Facebook’s app is looking a lot different and, surprise surprise, not everyone is a fan.
The company showed off the redesign back in August, when it introduced its latest News Feed updates. But the revamped mobile app is still gradually rolling out to everyone, so many people are just starting to see it.
Predictably, as with most major Facebook updates, there’s been a strong reaction even though the update isn’t finished rolling out yet.
The app is now really gray, and looks much flatter, with comments looking more like chat messages than a threaded conversation.
Facebook says the update is meant to make News Feed “easier to navigate,” but not everyone is convinced. While a significant redesign can always be a bit jarring the first few times you see it, many are calling the new look, with its redesigned icons and rounded corners, “cartoonish.”
But Facebook’s reasoning holds more weight than you may think, explains Kori Handy, VP of Design at Shyft.
“The grey ‘dull’ colors are on purpose, Because of its neutrality, it is frequently used as a background color. It makes other colors pop,” he says.
And those round “cartoonish” avatars? It’s more simple than you might think, according to Handy, who previously lead design teams at Microsoft and PayPal.
“Why make an avatar image round? Well your face is more round than a box, right? Also, from a visual design perspective, the content is boxed, and if the avatars are boxed too, it makes the user have to divide content from people’s faces.”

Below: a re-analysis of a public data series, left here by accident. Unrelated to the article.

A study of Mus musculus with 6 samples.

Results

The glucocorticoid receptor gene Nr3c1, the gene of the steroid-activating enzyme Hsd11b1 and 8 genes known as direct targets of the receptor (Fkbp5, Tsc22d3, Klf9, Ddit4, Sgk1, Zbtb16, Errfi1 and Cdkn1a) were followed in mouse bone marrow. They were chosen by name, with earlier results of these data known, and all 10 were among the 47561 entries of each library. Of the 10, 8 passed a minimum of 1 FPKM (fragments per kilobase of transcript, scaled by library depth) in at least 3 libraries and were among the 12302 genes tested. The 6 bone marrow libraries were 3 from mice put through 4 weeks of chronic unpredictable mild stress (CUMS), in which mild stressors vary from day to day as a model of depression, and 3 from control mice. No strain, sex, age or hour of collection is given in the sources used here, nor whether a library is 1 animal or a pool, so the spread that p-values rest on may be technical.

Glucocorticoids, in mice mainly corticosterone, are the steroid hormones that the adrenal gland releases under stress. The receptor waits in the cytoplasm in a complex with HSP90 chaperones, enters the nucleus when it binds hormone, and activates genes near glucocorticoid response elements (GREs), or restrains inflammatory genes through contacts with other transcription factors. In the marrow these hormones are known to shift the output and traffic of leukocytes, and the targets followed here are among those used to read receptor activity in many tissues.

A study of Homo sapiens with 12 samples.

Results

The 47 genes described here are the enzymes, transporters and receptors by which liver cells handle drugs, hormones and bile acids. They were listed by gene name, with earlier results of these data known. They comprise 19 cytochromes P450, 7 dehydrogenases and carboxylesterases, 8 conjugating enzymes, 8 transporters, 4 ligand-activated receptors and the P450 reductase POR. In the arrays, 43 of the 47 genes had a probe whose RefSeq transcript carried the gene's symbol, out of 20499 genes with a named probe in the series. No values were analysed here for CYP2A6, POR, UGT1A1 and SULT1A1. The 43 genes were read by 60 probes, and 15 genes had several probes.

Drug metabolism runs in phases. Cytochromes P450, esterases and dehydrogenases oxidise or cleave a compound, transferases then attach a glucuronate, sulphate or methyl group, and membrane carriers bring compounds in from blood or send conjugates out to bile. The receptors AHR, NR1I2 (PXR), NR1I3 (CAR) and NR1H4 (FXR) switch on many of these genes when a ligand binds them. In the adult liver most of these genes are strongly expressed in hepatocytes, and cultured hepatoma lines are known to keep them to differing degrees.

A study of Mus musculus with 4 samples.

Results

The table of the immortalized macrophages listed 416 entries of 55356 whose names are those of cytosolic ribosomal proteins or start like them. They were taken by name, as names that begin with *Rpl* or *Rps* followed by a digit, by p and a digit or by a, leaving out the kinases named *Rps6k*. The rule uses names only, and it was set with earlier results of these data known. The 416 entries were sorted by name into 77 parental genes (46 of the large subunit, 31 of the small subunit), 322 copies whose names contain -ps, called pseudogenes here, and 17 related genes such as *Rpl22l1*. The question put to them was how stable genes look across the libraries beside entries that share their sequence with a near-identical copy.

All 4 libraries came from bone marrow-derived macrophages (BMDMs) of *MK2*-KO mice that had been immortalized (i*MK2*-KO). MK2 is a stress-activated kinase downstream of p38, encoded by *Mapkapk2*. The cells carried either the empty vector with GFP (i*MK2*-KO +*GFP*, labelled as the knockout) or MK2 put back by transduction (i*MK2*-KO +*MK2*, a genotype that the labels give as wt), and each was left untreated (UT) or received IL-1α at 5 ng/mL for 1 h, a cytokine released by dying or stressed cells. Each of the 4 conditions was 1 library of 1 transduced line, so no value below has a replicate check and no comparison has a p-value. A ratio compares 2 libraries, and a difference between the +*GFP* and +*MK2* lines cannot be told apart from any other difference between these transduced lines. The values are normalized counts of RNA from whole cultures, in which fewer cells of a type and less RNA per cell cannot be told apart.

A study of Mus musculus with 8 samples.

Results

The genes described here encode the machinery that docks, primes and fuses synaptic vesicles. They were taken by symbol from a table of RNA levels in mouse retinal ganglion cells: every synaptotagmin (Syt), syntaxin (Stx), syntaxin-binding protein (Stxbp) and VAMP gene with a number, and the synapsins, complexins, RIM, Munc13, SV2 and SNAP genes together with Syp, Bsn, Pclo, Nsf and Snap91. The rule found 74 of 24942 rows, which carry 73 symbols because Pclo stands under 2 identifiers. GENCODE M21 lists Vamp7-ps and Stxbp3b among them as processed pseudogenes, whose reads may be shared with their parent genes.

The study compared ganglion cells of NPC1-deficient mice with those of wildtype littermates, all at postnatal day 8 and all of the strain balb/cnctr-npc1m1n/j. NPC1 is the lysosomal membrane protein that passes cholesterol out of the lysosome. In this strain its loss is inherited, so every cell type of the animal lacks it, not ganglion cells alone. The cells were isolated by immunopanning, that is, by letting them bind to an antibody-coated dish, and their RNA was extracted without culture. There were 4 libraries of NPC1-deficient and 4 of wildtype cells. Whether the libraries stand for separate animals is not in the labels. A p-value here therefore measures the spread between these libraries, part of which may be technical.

Though Facebook users may be particularly sensitive to these types of changes, the social network is far from the only company retooling its look. As we pointed out when the update first released, Twitter also redesigned its app to feature round avatars and new fonts.
In Handy’s view, both companies have drawn inspiration for their new look from what may seem like an unlikely source: Instagram. It’s easy to forget now, but in May 2016 the company rolled out a major redesign. That revamp brought users a cleaner, flatter look complete with more subtle navigational icons and a minimalist black and white design.
“Both Facebook and Twitter have been influenced by Instagram’s past design changes,” Handy says. “This new design thinking is basically the next ‘safe’ design, when 1-2 yrs ago it was a risky design.”
Though Instagram’s update was controversial at the time, it’s difficult now to imagine anyone wanting to go back to the previous look, which actually felt closer to a cartoon than Facebook’s current app.
So while some people are likely continue complaining about Facebook’s latest makeover for some time, the bulk of users could adapt to the new look faster than you’d think.